18Results for "1796"
Princeton's Slaveholding Professors
Many faculty members at the College of New Jersey owned slaves during the first century of the college’s history.
John Witherspoon (1723-1794), Princeton’s sixth president and founding father of the United States, had a complex relationship to slavery. Though he advocated revolutionary ideals of liberty and personally tutored several free Africans and African Americans in Princeton, he himself owned slaves and both lectured and voted against the abolition of slavery in New Jersey.
Slavery and the 1820 Trustees
As the institution of slavery slowly declined in 18th and 19th-century New Jersey, the Trustees of 1820 reflected the changing face of pro- and antislavery thought in the state—variously owning slaves, supporting gradual emancipation or African colonization, and advocating for immediate abolition.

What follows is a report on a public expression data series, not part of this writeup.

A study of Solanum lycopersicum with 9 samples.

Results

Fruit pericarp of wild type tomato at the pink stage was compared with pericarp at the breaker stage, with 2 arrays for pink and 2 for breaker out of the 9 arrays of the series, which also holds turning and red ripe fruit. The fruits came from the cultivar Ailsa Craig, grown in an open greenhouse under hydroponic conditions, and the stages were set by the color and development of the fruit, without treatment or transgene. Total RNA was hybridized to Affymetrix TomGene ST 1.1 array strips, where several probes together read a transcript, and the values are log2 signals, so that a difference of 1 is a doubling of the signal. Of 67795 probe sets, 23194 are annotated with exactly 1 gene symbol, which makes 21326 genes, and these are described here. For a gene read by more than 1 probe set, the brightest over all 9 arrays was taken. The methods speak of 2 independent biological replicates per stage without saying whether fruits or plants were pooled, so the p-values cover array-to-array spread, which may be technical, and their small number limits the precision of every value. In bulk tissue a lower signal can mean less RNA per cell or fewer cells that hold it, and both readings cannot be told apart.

Princeton and the Colonization Movement
Founded and supported by 19th-century Princeton alumni, the American Colonization Society promoted the repatriation of freed slaves to a colony in Africa. Ultimately, however, colonization was more of an intellectual movement for moderately antislavery whites than a practical option for free blacks.
Princetonians in Virginia
The College of New Jersey attracted large numbers of Virginia students in the 18th and 19th centuries, contributing to Princeton’s reputation as a school for southerners. This essay focuses on three students from Virginia whose careers as clergymen and educators reflected evolving arguments about slavery and emancipation from the Revolutionary War to the Civil War.
Manumission Papers for Will
1796 manumission papers for Will, a slave bound in service to trustee Charles Ewing's family.
Advertisement for a runaway slave.
Land Grant Certificate for James Holcomb Muse
This certificate details the land purchased by James H. Muse in Louisiana in 1861.